Although it gets very technical and boring and rife with legalese, the issue of copyright has very real ramifications for every one of us: the further copyright is extended, the smaller becomes the public domain, the open repository of our public culture. Here's a specific example for MLK Jr. day.
"We Shall Overcome" is the song most associated with King's civil rights movement, it was created out of the - can you guess? - public domain thusly:
- "This song was originally one of two African American Spirituals: 'I'll Overcome Some Day' or 'I'll be All Right.' In 1946, several hundred employees of the American Tobacco Company in Charleston, South Carolina were on strike. They sang on the picket line to keep their spirits. Lucille Simmons started singing the song on the picket line and changed one important word from 'I' to 'we.' Zilphia Horton learned it when a group of strikers visited the Highland Fold School, the Labor Education Center in Tennessee. She taught it to me and we published it as WE SHALL OVERCOME in our songletter, People's Songs Bulletin. In 1952, I taught it to Guy Carawan and Frank Hamilton. Guy introduced the song to the founding convention of SNCC (student non-violent Coordinating Committee) in North Carolina. It swept the country." -PETE SEEGER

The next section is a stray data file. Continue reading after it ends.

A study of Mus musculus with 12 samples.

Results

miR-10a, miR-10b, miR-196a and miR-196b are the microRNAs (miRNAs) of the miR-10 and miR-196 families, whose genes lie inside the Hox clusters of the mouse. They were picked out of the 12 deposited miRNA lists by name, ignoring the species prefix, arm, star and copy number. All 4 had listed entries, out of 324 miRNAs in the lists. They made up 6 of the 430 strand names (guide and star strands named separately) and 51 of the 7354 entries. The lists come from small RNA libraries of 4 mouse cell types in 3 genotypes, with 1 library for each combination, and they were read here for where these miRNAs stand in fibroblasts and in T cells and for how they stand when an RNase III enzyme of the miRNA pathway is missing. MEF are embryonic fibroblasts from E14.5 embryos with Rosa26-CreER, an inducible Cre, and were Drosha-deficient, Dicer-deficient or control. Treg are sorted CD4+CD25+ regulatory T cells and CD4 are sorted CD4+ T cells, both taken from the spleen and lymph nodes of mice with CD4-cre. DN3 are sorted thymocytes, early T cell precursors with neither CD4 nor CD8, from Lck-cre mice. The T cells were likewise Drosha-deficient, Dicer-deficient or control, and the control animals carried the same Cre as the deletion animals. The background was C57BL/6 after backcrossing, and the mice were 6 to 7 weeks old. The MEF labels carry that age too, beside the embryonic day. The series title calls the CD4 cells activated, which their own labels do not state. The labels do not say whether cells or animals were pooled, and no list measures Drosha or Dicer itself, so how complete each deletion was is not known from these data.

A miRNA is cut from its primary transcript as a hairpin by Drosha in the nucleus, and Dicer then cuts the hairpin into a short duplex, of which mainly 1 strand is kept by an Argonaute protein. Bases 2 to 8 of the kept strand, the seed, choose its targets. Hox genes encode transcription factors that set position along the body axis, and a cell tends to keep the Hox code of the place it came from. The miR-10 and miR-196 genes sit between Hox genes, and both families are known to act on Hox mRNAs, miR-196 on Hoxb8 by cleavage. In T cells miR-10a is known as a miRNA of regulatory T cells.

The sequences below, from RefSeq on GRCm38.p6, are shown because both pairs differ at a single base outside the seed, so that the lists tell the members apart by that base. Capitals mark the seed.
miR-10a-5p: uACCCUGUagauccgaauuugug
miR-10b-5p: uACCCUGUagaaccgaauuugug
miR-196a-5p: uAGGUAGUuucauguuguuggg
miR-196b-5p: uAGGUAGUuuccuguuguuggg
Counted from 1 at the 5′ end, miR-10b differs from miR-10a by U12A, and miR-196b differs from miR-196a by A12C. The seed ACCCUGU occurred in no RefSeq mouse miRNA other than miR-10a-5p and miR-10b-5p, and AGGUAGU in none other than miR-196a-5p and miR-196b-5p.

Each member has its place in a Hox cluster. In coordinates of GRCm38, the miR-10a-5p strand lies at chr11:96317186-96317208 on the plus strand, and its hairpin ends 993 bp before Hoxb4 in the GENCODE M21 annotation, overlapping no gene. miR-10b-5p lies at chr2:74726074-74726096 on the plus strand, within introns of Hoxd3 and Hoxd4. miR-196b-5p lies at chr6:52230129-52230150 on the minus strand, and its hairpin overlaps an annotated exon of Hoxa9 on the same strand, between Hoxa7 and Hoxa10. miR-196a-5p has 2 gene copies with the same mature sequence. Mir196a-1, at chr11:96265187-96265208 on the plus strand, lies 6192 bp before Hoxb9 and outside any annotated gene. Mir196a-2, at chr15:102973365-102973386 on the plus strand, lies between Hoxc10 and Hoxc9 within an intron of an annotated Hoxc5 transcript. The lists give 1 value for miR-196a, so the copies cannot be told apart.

A simlar version of the story here:
- Lyrics derived from Charles Tindley's gospel song "I'll Overcome Some Day" (1900), and opening and closing melody from the 19th-century spiritual "No More Auction Block for Me" (a song that dates to before the Civil War). According to Professor Donnell King of Pellissippi State Technical Community College (in Knoxville, Tenn.), "We Shall Overcome" was adapted from these gospel songs by "Guy Carawan, Candy Carawan, and a couple of other people associated with the Highlander Research and Education Center, currently located near Knoxville, Tennessee. I have in my possession copies of the lyrics that include a brief history of the song, and a notation that royalties from the song go to support the Highlander Center."